Free Press Houston: Project Row Houses Celebrates 25 Years With Public Art-Filled Summer

Full article by Paul Middendorf


In the heart of the Third Ward, and deep set into a community, is a set of row houses acting as a creative circulatory system for its neighbors and the city of Houston. The style of houses originated in West Africa and eventually found its way to the US following the slave trade. The row houses are still seen today in local regions such as New Orleans and Houston. Clustered close together, and often times in disrepair, they’re often found in regions of poverty and segregation. But where most people saw buildings in disrepair, a group of visionary African-American artists saw the potential of them as a place of positive, creative and transformative experiences.

Houston Press: Project Row Houses Celebrates 25 Years With a Tour of Iconic Public Art

Full article by Susie Tommaney


To everybody else it was just a row of rundown shotgun houses at the corner of Holman and Dowling (now Emancipation) in the heart of Houston's African American community. But for seven visionary artists, they saw real potential where others only saw poverty.

And the idea for what would become Project Row Houses was born from the dreams of Jesse Lott, Rick Lowe, Bert Samples, Floyd Newsum, George Smith, James Bettison and Bert Long, Jr. Twenty-five years later PRH covers five city blocks in Houston's historic Third Ward, houses 39 structures and has become a difference-maker for art and artists in Houston.

Texas Observer: The Sisterhood

Full article by Roxanna Asgarian


When Joidan Felix went off to college in 2014, she had a plan: She wanted to become an accountant. A knack for numbers had helped Felix ace her accounting classes in the business magnet program at Houston’s Westside High School. That led to an internship in Halliburton’s tax department her senior year. “It just came naturally,” she said. “I think it’s what I’m meant to do.”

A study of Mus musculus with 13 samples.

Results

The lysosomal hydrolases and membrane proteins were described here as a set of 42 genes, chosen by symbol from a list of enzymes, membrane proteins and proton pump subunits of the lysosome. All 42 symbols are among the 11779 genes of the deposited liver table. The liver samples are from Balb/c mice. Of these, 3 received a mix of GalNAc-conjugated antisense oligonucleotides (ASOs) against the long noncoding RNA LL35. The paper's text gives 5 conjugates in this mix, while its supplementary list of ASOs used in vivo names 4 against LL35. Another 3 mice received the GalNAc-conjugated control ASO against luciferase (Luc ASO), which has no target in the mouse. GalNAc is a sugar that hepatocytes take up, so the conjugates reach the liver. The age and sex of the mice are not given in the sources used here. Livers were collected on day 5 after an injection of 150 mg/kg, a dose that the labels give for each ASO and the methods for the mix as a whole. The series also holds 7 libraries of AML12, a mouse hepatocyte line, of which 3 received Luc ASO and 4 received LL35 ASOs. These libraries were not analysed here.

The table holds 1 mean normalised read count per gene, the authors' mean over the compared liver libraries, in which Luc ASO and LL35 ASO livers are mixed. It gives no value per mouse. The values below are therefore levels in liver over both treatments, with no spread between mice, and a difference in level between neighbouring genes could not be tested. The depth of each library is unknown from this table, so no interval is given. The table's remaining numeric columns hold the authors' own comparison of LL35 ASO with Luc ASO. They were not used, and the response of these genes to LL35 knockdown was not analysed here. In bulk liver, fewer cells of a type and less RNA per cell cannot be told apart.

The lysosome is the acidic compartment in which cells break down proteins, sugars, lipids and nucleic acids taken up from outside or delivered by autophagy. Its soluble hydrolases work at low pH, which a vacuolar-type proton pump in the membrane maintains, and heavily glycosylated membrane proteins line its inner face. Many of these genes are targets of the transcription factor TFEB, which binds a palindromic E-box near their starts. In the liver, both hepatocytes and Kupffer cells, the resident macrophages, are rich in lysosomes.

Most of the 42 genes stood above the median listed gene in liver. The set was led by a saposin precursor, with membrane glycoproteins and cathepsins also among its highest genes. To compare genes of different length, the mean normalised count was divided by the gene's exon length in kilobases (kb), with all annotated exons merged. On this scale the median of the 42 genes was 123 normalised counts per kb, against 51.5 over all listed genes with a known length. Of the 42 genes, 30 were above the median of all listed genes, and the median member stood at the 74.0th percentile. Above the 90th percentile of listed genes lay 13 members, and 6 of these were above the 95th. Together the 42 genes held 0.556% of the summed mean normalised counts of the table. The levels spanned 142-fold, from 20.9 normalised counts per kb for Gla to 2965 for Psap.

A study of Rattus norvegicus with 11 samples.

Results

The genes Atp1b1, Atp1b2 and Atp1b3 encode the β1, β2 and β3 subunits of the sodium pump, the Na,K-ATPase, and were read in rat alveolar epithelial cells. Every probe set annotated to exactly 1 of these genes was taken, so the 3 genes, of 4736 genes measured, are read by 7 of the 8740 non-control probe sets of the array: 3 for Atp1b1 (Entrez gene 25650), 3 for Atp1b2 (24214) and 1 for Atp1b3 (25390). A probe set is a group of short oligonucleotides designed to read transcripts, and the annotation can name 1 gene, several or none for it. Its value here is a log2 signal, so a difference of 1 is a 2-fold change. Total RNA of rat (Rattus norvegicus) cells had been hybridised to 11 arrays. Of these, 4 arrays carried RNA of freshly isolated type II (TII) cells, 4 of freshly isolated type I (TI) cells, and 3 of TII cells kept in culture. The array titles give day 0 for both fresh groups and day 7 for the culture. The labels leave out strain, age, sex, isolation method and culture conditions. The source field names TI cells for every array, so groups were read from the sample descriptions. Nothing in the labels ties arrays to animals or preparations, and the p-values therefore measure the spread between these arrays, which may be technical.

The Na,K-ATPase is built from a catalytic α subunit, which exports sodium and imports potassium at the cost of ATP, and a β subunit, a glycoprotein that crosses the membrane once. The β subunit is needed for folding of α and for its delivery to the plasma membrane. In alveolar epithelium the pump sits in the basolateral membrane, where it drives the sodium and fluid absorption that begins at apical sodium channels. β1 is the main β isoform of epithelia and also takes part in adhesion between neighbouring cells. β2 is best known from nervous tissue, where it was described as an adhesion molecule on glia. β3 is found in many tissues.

But she struggled to adjust when she moved to Wichita Falls, an almost six-hour drive from her home and family, to attend Midwestern State University. Felix was failing her accounting class, even with a tutor. A first-generation college student, she was also having a hard time getting her financial aid squared away. And in the winter of her sophomore year, she unexpectedly got pregnant. When she told the father, he abruptly cut off contact with her. Angry, scared and ashamed, she dropped out of school and took a job at a shoe store. She was homesick and lonely, and didn’t tell her family or friends about the baby until she was seven months pregnant. “Expectations were so high, it was so much pressure,” she said. “I just didn’t know how to come out and say, ‘Hey, I’m pregnant.’”

Felix moved back home with her mother in southwest Houston in July 2016 and gave birth to her son, Jair, that September. She couldn’t afford her own place, so for the next three years she stayed with her mom, taking the bus to her job at a call center. Her salary barely covered the cost of childcare. A few months ago, her mother announced she was moving to Katy, leaving Felix, who doesn’t have a car, without a way to get to work. Felix realized she needed help.

Defender: Project Row Houses CommuniTea

Full post by Aswad Walker


Project Row Houses celebrated its 25th Anniversary with Communi-Tea, an event highlighting its Young Mothers Residential Program (YMRP). The event commemorated the legacy of lives positively impacted by YMRP over the years. People came donning everything from hats and sandals to sundresses and kente while enjoying fun, fellowship and uplifting words from YMRP members and alumni. Attendees included PRH founder Rick Lowe and supporters of all levels, like Andrew SpeckhardDevaron and Tiffani YatesEureka GilkeyRyan DennisMunirah OlabisiMarc NewsomeStephanie JacksonZeinab BakhietJosie PickensBreonna Goode and many more.

365 Houston: 5 Must Do Things in the Third Ward

Full article by Brooke Viggiano


  1. Support the Project Row Houses – Founded in 1993, this inspiring community-based arts and culture organization transformed a group of shotgun houses into art studios. Today, the organization continues to showcase some truly incredible local artworks while preserving, revitalizing, and empowering one of the oldest African American neighborhoods in the city. The space is open to the public Wednesday through Sunday from noon to 5pm. Tours of the Project Row Houses site are available with docents every Wednesday, Thursday, Saturday, and Sunday at 1pm and 3pm. Click here for directions.